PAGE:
Dennis Farina, a former Chicago policeman turned tough-guy actor, died in Scottsdale, Arizona, on Monday, the actor’s publicist said. He was 69.
Farina, best known as detective Joe Fontana on the long-running TV series ‘Law & Order’, suffered a blood clot in his lung, publicist Lori De Waal said.
“I was stunned and saddened to hear about Dennis’ unexpected passing,” Dick Wolf, creator and executive producer of ‘Law & Order’, said in a written statement. “The ‘Law & Order’ family extends sympathy and condolences to his family. He was a great guy.”
Farina was born in Chicago, Illinois, to Sicilian-American parents Iolanda, a homemaker, and Joseph Farina, a Sicilian immigrant doctor. He was raised in a large family and had three brothers and three sisters.
He is survived by three sons, six grandchildren and his partner of 35 years, Marianne Cahill.
Cop to actor
Before becoming an actor, Farina served for 18 years in the Chicago Police Department’s burglary division, from 1967 to 1985.
Farina began his work in show business working for director Michael Mann as a police consultant, which subsequently led to an interest in acting when Mann cast him in a small role in the 1981 film ‘Thief’. Farina went on to moonlight as an actor in the Chicago theatre scene before Mann chose him to play in his ‘Crime Story’ series. Farina played the mobster Albert Lombard in Michael Mann’s other television show ‘Miami Vice’.
Two of his most well-known movie characters were Jimmy Serrano, the mob boss from ‘Midnight Run’, and Ray “Bones” Barboni, a rival criminal of Chili Palmer’s in ‘Get Shorty’. He also played FBI Agent Jack Crawford in the first Hannibal Lecter crime film, Michael Mann’s ‘Manhunter’.
Other movies in Farina’s filmography include Steven Spielberg’s ‘Saving Private Ryan’ (as Army Lieutenant Colonel Walter Anderson), ‘Striking Distance’, ‘Another Stakeout’, ‘Little Big League’, ‘Snatch’, ‘The Mod Squad’ and ‘Out of Sight’. He co-starred with Bette Midler in the romantic comedy ‘That Old Feeling’.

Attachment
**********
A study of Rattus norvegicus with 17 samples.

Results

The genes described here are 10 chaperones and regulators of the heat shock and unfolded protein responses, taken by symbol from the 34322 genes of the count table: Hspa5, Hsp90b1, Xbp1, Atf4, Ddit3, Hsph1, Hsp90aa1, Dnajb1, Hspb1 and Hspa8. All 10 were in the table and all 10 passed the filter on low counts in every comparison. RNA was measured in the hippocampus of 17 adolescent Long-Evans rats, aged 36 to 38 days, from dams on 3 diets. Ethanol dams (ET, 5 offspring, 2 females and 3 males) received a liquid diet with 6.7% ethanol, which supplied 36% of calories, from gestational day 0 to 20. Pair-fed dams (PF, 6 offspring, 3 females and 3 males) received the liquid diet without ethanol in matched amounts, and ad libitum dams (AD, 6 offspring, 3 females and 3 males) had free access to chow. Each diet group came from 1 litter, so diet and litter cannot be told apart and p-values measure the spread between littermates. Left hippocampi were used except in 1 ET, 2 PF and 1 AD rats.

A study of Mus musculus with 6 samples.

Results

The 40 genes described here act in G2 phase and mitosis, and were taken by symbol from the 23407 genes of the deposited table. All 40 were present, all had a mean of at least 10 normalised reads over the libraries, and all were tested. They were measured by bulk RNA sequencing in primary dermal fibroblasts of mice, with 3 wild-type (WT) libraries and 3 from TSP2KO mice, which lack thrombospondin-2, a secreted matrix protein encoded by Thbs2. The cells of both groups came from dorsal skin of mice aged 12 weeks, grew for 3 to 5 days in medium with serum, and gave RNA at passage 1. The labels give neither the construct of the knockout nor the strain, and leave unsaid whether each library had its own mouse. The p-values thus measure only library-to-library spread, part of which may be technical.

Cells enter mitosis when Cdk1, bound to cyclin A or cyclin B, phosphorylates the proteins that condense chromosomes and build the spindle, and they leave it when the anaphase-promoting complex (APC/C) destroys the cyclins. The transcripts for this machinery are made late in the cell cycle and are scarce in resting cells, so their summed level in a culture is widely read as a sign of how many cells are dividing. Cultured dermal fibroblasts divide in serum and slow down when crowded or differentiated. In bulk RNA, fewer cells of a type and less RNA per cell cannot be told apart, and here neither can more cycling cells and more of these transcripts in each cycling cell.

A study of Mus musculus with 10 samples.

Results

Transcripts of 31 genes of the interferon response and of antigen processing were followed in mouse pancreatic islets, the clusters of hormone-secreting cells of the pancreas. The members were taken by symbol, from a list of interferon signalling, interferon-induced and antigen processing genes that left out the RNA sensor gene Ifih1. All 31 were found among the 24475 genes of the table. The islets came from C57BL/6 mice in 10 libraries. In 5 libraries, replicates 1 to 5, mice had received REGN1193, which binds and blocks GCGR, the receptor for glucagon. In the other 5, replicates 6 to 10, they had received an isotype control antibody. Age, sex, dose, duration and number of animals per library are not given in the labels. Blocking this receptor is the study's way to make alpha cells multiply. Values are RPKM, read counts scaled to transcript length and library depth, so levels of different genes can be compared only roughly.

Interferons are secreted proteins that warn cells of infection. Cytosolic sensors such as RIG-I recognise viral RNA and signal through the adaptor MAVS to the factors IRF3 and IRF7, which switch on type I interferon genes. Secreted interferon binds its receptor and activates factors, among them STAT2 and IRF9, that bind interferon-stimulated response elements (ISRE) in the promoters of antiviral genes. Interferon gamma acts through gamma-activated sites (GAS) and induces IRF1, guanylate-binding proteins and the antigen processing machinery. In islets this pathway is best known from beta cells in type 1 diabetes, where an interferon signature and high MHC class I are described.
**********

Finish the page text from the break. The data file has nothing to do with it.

Farina demonstrated a flair for comedy. He won an American Comedy Award for his performance in ‘Get Shorty’ and starred in a television sitcom ‘In-Laws’, from 2002-03. He had a comic role opposite Ed Harris and Helen Hunt in the HBO production of ‘Empire Fall’s in 2005 and with Alan Rickman in 2008’s ‘Bottle Shock’.
In early 2005, Farina provided the voice of aging boxer-turned-superhero Wildcat on ‘Justice League Unlimited’.
Watching the detectives
The producers of the long-running television series ‘Law & Order’ hired Farina as Detective Joe Fontana after the retirement of Jerry Orbach, who played Lennie Briscoe. Farina stayed with the show for two years, but was not as popular with viewers as Orbach’s character had been. As a result, in May 2006, it was announced that Farina was leaving ‘Law & Order’ to pursue other projects, including 2007’s ‘You Kill Me’ opposite Ben Kingsley and 2008’s ‘What Happens in Vegas’ with Cameron Diaz and Ashton Kutcher.
His role of Detective Lt. Mike Torello on Crime Story was as a Chicago police officer, who was later seconded to the US Justice Department. In ‘Law & Order’ the back story for his character, Joe Fontana, was that he had worked for the Chicago police department’s homicide division before his transfer to the NYPD.
As is common on ‘Law & Order’, Fontana shared a number of other characteristics with the actor who plays him: they hail from the same Chicago neighborhood, attended the same parochial school, and have the same tastes in both clothes and music.
In October 2008, Farina became the new host of ‘Unsolved Mysteries’ when it returned to television with a new five-season, 175-episode run on Spike TV. Farina replaced Robert Stack, who had hosted the series for its entire original 15-year run before his death in 2003. The series would include re-edited segments from previous incarnations on NBC, CBS, and Lifetime (all originally hosted by Stack) as well as several new original stories.
Farina played the title role in a 2011 independent film, ‘The Last Rites of Joe May’, written and directed by Joe Maggio, shot on location in Chicago.
He co-starred in the 2012 HBO horse-race gambling series ‘Luck’, with Dustin Hoffman, directed by Michael Mann. He also had a recurring guest role in 2013 in the television comedy series ‘New Girl’.